Jane Beinart is an Oxford based artist who I first met through coaching (she is a life coach as well as an artist). She brings the same mindfulness to her art as she does to her coaching, responding to what is happening 'in the flow' rather than planning a painting out. Her work is colourful and spontaneous and is as much about the process as the outcome. She brings this same sensibility and playfulness to her public art classes, which are all about being curious, exploring what art materials can do, experimenting, and having a play. These are particularly popular with people who have not picked up art materials for years and who are frightened about 'technique'; non-judgemental, the classes are designed to help people to increase their creative confidence. As well as trying out art as a potential new hobby, making art in this way is great for your general wellbeing, for relaxing and for escaping from all the things that need doing for a few hours.
In your professional life, what is the single best thing about what you do?
I love the fact that I feel I'm doing the right thing creatively because when I think about making art it literally makes my hands tingle! It is an amazing thing to find something you are really passionate about, and then actually get to do it as part of your job, and I am very grateful for that.
I thoroughly enjoy mixing my love of making art, and my slight addiction with helping people be the best they can be, through my art classes and team building with art. There is nothing as satisfying as someone coming to one of my complete beginners classes, having perhaps not made art for 20 or so years, and for them to leave, feeling confident enough about their work (after 2 hours) to frame it and put it on the wall at home!
Do you have a creative hero / heroine and if so, why?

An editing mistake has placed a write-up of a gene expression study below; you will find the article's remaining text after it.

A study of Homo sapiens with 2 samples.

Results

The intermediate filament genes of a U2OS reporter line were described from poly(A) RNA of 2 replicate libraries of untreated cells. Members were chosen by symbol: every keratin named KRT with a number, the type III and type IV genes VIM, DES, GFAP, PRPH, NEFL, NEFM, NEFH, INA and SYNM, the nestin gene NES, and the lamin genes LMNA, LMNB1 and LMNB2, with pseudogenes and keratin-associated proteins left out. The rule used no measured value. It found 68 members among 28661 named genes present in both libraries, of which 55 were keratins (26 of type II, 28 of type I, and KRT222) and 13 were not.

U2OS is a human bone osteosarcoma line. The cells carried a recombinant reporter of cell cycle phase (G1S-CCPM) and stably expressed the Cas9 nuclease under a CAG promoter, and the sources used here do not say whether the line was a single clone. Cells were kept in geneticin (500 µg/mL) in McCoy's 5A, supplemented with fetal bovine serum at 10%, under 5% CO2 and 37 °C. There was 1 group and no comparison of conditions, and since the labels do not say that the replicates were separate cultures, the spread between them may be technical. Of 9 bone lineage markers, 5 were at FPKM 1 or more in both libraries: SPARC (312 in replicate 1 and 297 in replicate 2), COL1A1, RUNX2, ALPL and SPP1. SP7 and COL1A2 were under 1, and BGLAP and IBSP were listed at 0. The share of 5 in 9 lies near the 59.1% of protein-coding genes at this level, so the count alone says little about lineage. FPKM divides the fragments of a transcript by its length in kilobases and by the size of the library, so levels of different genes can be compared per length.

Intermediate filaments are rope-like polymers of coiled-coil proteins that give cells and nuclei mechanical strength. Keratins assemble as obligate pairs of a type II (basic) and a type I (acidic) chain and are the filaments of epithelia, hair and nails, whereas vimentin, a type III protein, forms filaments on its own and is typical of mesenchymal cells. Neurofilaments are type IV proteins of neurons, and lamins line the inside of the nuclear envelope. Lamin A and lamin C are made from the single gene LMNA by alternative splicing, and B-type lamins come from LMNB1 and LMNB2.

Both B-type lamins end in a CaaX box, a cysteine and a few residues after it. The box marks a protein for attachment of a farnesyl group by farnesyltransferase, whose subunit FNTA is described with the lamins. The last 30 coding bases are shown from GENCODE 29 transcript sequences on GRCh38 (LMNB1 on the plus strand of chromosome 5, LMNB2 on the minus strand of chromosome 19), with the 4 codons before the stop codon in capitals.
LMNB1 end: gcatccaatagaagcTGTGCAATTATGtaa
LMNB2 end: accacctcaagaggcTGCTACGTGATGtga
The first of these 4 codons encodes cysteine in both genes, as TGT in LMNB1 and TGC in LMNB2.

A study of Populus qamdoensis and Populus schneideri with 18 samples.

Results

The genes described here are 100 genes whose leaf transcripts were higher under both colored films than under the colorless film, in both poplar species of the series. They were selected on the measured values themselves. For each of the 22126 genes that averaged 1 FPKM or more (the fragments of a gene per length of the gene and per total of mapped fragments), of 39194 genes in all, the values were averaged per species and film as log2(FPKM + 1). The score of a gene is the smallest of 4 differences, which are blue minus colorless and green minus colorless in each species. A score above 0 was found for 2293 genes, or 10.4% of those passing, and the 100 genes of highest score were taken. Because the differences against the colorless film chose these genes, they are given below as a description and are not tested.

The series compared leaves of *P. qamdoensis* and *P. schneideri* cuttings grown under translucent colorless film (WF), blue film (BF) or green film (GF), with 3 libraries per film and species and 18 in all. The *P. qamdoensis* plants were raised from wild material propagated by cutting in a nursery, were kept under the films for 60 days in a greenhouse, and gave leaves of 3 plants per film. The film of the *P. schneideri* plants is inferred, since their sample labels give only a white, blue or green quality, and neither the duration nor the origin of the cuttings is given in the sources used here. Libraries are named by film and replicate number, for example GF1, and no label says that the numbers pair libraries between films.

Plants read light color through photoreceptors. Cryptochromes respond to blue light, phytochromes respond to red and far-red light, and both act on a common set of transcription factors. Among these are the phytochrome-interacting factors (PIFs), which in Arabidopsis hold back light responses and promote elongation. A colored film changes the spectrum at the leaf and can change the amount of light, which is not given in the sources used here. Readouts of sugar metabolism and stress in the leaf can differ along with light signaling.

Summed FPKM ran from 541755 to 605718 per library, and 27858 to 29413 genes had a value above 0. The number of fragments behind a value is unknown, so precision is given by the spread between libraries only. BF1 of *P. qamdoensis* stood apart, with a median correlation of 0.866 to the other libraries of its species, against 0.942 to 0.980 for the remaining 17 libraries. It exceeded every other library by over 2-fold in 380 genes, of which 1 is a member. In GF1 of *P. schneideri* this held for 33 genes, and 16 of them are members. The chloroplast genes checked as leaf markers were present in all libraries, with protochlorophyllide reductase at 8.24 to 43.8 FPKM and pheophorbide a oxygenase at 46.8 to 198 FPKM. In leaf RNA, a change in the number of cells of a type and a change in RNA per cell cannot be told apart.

I don't really have a creative hero - I just greatly admire people who do things in their own way, and with creative passion and energy. Artistically I love the colour and energy in Kandinsky's work, and the emotion and movement in Van Gogh's. If I can say a non-creative hero, I find my Dad incredibly inspiring, as he has helped me to listen to what I want, and have the courage to try new things even if it scares you - I wouldn't be doing what I am today if it wasn't for that.
What piece of advice do you wish you had been given at the beginning of your career?
Quite simply - to listen to and go with what you enjoy doing. I did an Art Foundation Course, then didn't get into the textile art course I had convinced myself was the best option for me, so instead took a gap year, came back and studied History of Art, and sort of veered off on a detour of administration and working with other people's artwork. This was all until 6 years ago when I connected with my own love of making art again!
If you hit a creative block, what is your top tip for getting through it?
The way I work is very intuitive and mindful, and if I think about things too much it really won't flow. So it is either allowing myself not to create if I'm not feeling like it, or creating something for it's own sake - just for fun - like potato printing, or drawing to music. I think taking yourself out of your comfort zone and being playful are great ways of getting creativity to flow.
In terms of thinking creatively about my classes or business, it is getting away from my computer, and going for a run or sitting in the summerhouse at the end of the garden - somewhere where I feel I have more freedom to think - a view and peace and quiet help.
And finally, for fun, if you were a shoe, what type of shoe would you be and why?
I would be my absolute favourite pair of shoes - these lovely bird shoes......... because they are completely individual, however they are flat and practical too (you can walk quite a distance in them)! I think that pretty much sums me up.